Good Citizens Need Not Fear: Stories by Maria Reva [in Shelf Awareness]
Ivansk Street, Number 1933, in Kirovka, Ukraine, seems be an exact address, but the town council’s clerk insists “that building does not exist.” Constructed last year, “someone seemed to have forgotten to connect it to the district furnace,” but plenty of people already live there. These inhabitants comprise the memorable cast in Ukraine-born Maria Reva’s skillful debut collection, Good Citizens Need Not Fear. The interconnected stories – inspired, remarkably, by her family’s experiences – is a stupendous amalgam of pathos, black comedy, and preposterous, post-USSR surreality.
Daniil, the building’s no-heat messenger in “Novostroïka,” is just one among 14 who inhabit his overcrowded unit. Zaya, an orphan with a cleft palate who gets discarded in “Little Rabbit,” becomes a temporary 1933 Ivansk resident in “Miss USSR,” then returns briefly in “Homecoming.” A government agent sent to wrangle remorse from a famous poet in “Letter of Apology” ends up in the poet’s employ guarding a saint’s tomb in “Lucky Toss.” Meanwhile, the poet’s wife, Milena, sells illicit tunes etched into X-rays in “Bone Music,” working with a neighbor whose near-empty abode will eventually receive one of Daniil’s 13 roommates. Milena, too, switches units when she follows her heart in “The Ermine Coat,” while an elderly couple living utterly alone in “Roach Brooch” inherits a Madagascar hissing cockroach that could prove invaluable – or not.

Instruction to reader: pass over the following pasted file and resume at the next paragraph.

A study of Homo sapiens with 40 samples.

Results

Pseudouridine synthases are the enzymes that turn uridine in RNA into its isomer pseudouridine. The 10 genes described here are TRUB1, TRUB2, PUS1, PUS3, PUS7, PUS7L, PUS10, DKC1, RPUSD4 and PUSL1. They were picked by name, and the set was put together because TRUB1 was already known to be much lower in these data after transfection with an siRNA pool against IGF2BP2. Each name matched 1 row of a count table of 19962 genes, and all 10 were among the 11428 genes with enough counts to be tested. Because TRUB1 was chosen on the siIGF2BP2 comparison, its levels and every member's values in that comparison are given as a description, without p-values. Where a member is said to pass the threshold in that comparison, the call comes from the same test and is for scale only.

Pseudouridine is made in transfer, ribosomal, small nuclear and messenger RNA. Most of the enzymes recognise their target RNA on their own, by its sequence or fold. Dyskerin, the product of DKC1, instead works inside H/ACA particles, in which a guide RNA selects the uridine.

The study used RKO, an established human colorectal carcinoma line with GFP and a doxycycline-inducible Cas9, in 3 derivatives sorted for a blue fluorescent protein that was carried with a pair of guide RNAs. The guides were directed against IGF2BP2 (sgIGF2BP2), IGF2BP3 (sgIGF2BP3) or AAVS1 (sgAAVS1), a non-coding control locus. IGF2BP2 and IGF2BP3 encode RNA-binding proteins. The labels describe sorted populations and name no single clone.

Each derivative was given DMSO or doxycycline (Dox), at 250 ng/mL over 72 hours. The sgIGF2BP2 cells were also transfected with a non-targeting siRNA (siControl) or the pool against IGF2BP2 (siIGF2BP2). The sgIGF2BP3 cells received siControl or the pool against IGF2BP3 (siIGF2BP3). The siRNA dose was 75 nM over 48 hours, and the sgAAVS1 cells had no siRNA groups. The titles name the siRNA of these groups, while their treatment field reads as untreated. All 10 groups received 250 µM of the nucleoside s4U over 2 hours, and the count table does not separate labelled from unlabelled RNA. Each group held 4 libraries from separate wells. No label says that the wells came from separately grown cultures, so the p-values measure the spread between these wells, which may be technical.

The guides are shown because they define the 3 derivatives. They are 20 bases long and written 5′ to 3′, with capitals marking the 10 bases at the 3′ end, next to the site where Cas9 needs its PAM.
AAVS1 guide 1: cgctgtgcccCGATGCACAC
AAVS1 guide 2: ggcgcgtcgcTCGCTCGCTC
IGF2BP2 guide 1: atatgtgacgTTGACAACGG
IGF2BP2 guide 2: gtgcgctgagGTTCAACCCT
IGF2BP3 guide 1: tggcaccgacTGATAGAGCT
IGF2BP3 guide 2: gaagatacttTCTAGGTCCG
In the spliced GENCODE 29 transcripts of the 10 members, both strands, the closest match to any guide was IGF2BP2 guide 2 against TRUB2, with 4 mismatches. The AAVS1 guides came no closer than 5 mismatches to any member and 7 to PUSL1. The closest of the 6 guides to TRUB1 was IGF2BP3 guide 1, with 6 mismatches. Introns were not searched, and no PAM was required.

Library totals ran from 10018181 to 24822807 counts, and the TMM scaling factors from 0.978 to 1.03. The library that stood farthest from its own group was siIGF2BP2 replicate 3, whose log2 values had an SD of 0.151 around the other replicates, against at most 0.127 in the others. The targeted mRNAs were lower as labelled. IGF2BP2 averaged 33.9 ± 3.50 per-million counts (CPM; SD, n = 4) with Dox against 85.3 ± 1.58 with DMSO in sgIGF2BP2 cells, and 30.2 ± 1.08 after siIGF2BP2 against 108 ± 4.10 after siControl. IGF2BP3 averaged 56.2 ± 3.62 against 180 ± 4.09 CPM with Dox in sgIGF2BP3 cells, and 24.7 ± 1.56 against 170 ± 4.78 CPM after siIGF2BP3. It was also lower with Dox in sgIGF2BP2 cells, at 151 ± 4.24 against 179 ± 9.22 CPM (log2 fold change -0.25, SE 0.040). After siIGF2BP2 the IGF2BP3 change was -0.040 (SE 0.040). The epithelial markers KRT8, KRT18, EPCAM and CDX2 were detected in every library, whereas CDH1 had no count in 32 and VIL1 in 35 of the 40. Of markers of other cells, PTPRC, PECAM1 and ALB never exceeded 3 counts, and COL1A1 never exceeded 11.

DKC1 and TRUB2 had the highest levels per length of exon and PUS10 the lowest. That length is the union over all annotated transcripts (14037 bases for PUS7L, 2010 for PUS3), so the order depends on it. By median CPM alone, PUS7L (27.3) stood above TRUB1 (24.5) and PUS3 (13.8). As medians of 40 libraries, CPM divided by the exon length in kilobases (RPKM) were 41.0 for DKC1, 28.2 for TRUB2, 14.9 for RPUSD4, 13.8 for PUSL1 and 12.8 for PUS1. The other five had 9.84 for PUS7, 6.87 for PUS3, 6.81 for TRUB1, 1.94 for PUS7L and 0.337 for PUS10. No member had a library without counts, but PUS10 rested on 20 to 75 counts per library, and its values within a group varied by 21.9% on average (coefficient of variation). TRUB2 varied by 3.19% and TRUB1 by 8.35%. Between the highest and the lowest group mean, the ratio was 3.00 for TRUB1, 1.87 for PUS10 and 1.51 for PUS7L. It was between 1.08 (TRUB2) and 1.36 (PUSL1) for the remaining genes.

Nine entangled, intertwined, intricate stories later, Reva’s fictional characters domiciled in a nonexistent building might seem absurd, but her remarkably convincing narratives assure plenty of thoughtful entertainment.
Discover: Maria Reva’s debut collection of nine interconnected stories, with autobiographical overtones, is a tragicomedy of the utmost absurd.